On any given Sunday, it’s a joy for me to see a whole family come to Mass and sit together in a pew. On one Sunday a while back, a family of six filled the church pew not far from the altar while I was celebrating Mass. Whether it was intended or not, that family quickly grabbed my attention. The pew was much larger than needed to accommodate a regular group of six. This family, in addition to the two parents, included four young children – two boys and two girls – all quite energetic and even rambunctious. Needless to say, the parents were kept busy throughout that Mass.
The kids took turns standing on the kneeler, sprawling out on the pew, playing with toys, and pawing at Mom and Dad. At one point, when two of the kids were occupying the parents’ attention, the youngest of the clan escaped — he dashed out of the pew and down the aisle to the altar. Dad chased him down (I smiled and even laughed to myself; it reminded me of the time I did the same thing). Some of the people nearby looked at the family in an annoying way and were exasperated; but I didn’t mind. I love seeing young families with their little children, attending Mass together. Frankly, I wish I saw more of them.
That’s one of the things that concern me about a lot of our churches in our part of Florida: not enough young families at Mass. Where are they? Some might be “church shopping” and may have found places they feel are more “with it”, more “modern,” more “welcoming” and less theologically demanding. They might be going there for the music or for other entertainment value. Some might have lost their faith, or deemed it not important in their lives. Some might be downright lazy or indifferent to the serious obligation to worship God. Some might not feel welcome. Some might feel embarrassed that they can’t “control” their children’s behavior at Mass. Some may not want the stares from “judgmental” churchgoers, who would prefer that life should fit into their own personal mold. Whatever the reason for their absence, the children and their young parents are really left out of the Church community when parents don’t come and teach their children the value of celebrating the Eucharist together – as a family.
While some children get their religious education by attending a parochial school, others get it by attending the parish Sunday program of Religious Education. Of that group, however, only a minor percentage actually attends Sunday Mass. Then there are countless other kids who were baptized but never came again to see the inside of a church, such as for First Holy Communion and Confirmation. The parents rationalize the situation by saying, “That’s alright; God will understand;” or “I won’t force them to go now; let them make that choice later in life;” or “I’ve got more important things to do.” Try telling that to God.
So, when children are missing from Sunday Mass — and their parents as well — part of our community is missing. We aren’t complete; we aren’t whole. All this as I remember something that “Harry Potter” author, J.K. Rowling, wrote: “Youth cannot know how age thinks and feels. But old men are guilty if they forget what it was to be young.”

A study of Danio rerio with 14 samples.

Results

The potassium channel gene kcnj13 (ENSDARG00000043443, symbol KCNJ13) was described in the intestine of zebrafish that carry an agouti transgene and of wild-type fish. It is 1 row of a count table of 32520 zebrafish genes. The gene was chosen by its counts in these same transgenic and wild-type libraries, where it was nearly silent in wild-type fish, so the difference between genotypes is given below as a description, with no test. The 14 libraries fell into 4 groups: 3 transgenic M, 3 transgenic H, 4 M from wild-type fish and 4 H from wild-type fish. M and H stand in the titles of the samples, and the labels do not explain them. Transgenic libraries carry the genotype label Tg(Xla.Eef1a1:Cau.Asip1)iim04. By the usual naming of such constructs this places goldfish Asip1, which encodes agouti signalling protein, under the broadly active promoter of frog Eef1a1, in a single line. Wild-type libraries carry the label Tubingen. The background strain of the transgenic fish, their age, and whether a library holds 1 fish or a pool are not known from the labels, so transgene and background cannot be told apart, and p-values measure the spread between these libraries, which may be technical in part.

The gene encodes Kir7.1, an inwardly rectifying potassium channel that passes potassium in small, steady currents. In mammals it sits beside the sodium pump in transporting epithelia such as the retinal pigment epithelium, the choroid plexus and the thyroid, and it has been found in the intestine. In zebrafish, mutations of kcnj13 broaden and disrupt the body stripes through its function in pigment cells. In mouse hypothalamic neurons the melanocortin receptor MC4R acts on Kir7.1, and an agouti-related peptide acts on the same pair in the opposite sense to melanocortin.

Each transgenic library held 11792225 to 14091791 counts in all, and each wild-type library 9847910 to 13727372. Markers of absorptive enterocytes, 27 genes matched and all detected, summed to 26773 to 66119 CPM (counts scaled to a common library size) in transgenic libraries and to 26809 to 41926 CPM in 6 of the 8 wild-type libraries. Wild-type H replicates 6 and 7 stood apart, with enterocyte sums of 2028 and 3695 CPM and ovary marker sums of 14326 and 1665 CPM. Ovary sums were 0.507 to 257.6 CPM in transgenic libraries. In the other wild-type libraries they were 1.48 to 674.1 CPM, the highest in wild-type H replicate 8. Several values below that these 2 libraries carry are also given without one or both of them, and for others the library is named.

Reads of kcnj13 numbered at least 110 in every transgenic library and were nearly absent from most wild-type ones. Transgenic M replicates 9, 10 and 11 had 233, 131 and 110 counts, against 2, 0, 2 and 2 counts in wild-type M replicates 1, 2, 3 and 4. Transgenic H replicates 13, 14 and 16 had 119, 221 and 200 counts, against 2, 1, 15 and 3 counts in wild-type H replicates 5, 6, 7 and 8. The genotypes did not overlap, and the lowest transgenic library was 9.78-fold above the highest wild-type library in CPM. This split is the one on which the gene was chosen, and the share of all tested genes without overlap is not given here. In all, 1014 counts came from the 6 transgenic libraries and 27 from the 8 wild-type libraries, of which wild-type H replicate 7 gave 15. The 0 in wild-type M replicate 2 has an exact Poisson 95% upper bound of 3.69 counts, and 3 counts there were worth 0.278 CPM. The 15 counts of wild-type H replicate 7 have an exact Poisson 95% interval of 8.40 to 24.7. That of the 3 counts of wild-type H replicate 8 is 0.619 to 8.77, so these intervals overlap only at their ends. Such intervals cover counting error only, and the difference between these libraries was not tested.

I remember when my Dad and Mom brought us four young children to Mass every Sunday – the first three of us a year and a half apart. Their faith was strong, and their desire to expose their children to that faith was strong. So, we attended Mass regularly – no excuses other than illness allowed. Not only that, we sat in one of the church’s front pews, even when one of us would fall asleep on our Dad’s shoulder or Mom’s lap, or was wanting to be held, then wanting down, then wanting to be held again. Sometimes we spoke louder than our parents wished. Sometimes we crawled around on the floor. But, we were there, and they were there with us. They knew that Mass was the most important place to be on a Sunday morning, and they also knew the reasons why. They patiently taught us the right values, even when we stubbornly tried to resist.
In time, we learned how to behave – not just at Mass, but any public place. We learned to be reverent. We got to know the priests and the people who usually sat around us. We came to know these people as members of our parish family – our parish community.
Would we prefer that all children were perfectly behaved at Mass? Sure! It’s a special time for us — a time of prayer and to offer God worship; and I would prefer not to have my eyes and mind distracted — but never at the expense of losing some important members of our parish community – little children – who are still in the learning process.
I often think about Jesus teaching the people on one particular occasion. The little children came to Him for a blessing, but some of his disciples wanted to shoo those kids away. Jesus was adamant: “Let the children come to me. It is to such as these that the Kingdom of God belongs!” I like to think that some of those children in Jesus’ time eventually grew up to be some of the first Christians.
Having kids at Mass won’t absolutely guarantee they’ll be devoted churchgoers when they grow up. But what chances do they have if they don’t go to church regularly? And how much poorer are we, both now and in the future, if we condone their absence?
Yes, Jesus knows our feeble excuses for not bringing children to Him at church each week; but that doesn’t mean He overlooks them. Commandment #3 is “Keep holy the Lord’s Day!” Do we believe that’s just a suggestion?